On this day in 1988, Sunderland chairman Bob Murray spoke of his opposition to the formation of a new ‘Super League’ within the English football league structure.
In the week prior to Bob Murray’s statement, the Super League controversy had kicked off as a collection of the top clubs threatened to sign up to a £32 million deal with ITV that would see those clubs collect 100% of the generated cash.
In response, the Sunderland chairman warned that if the twelve First Division clubs in question were successful it could mean the end of smaller clubs in the pyramid, with the likes Darlington and Hartlepool possibly going out of existence.
There was a rival bid made by BBC and British Satellite broadcasting of around £39 million which was planned to divided across all 92 clubs in all four divisions. Murray thought the recent bids would see a delay in the actual formation of the breakaway league but feared a monopoly was already appearing at the top of the game.
A blind man can see there is a Super League now. It already exists at the top of the First Division. It is just a question of how the leading clubs keep nurturing it along. The latest chapter in the saga of the development of the Super League is not in the best interests of football.
We have a very clear position on this. It is not in the best interests of Sunderland supporters. It is not in the best interests of the club. It is not in the best interests of the North-East or the game in general to be party to a so-called Super League.
How can they turn round to the Middlesbrough board, manager and supporters after rescuing the club from receivership and getting promotion twice in two season and tell them that they can’t compete in the First Division?
How could we as a club turn round to the likes of Hartlepool and Darlington and tell them we are going to drive them out of business? The extinction of smaller clubs is the inevitable consequence of the richest clubs splitting away from the League. Even if Sunderland were top of the First Division we would still feel this way. We believe that all clubs need to put something into the game.
I think clubs like Newcastle United should think again for the benefit of their own fans, for the North-East and for football’s benefit as a whole. These 12 clubs want to put themselves beyond the league pyramid’s structure. There would be no promotion or relegation. I couldn’t tell our supporters that they would never again see a North-East derby.
The first consists of the top five elites then a bunch in the middle and then another bunch purely concerned with First Division survival. Without any disrespect to clubs such as Millwall, Charlton, Norwich, Wimbledon and Coventry, their desire from the first game is to hold on to their Division One status.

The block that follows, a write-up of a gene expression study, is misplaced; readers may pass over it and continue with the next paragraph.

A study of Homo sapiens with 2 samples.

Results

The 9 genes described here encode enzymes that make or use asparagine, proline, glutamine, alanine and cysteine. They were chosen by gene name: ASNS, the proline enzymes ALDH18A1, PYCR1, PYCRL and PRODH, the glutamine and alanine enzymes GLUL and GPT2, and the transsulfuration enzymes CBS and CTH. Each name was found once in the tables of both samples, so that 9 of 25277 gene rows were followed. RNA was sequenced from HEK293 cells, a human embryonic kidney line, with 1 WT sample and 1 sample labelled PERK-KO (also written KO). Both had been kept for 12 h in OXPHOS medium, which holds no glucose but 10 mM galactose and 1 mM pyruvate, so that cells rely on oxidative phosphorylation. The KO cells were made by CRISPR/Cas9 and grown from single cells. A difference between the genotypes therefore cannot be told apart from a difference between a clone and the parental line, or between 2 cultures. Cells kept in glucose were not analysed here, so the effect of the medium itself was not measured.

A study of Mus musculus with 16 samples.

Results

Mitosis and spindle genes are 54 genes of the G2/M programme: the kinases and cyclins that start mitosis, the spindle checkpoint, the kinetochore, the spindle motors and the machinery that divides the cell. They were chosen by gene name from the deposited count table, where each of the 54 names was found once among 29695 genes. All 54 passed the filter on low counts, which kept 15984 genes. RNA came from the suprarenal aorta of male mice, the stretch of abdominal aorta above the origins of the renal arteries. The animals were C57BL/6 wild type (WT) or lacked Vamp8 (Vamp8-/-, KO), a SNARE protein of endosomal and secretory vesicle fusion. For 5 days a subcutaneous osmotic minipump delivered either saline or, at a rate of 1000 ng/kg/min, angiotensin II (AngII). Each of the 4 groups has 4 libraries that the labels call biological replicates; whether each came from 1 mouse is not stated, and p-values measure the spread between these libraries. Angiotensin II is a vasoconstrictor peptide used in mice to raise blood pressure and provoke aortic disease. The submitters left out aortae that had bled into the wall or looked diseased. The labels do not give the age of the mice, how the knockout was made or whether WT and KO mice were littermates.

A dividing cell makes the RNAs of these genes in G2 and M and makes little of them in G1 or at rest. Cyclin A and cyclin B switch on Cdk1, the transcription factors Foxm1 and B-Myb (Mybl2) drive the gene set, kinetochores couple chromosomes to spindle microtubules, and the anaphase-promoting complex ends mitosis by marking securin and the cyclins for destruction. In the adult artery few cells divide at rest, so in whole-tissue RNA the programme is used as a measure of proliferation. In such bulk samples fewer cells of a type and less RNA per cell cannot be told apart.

A small number of clubs, because of their money, are able to dominate Division One and that is not good for the game. I also don’t see how the competition can possibly be improved by matching this top five with just seven of eight other clubs. They are obviously looking for other big clubs to jump in, but Sunderland have made their position absolutely clear.
There are four big-name clubs in the Second Division - Leeds, Manchester City, Chelsea and ourselves - who in terms of tradition, support and honours are worthy of consideration for any Super League. But we wouldn’t want to get promotion to any league without earning it. It would be wrong.
In his attack on the proposals for the future of the English game, the Sunderland chairman also didn’t rule out any plan to form a European Super League at some point in the future, although he predicted none would breakaway fully from the English game.
Manchester United chairman Martin Edwards warned that the rebel clubs were determined to push ahead with the proposed £32 million deal which threatened to fracture the Football League.
The 10 clubs involved have spoken amongst themselves again over the weekend and we will tell the ITV officials that their offer is acceptable when we meet them again on Wednesday. We are fully aware what the consequences will be. What the League are offering is too little, too late. We don’t feel we can be blocked by the FA on this. We have gone into all of the possibilities and problems,
The League’s mediator, PFA secretary Gordon Taylor, was preparing a compromise deal to the rebel clubs in an attempt to bring everyone back to the table, where it was reported a proposal would include that the top 20 clubs in the country would receive 90% of all TV revenue deals.
The Premier League might not have kicked off until August 1992, but it was many years in the making.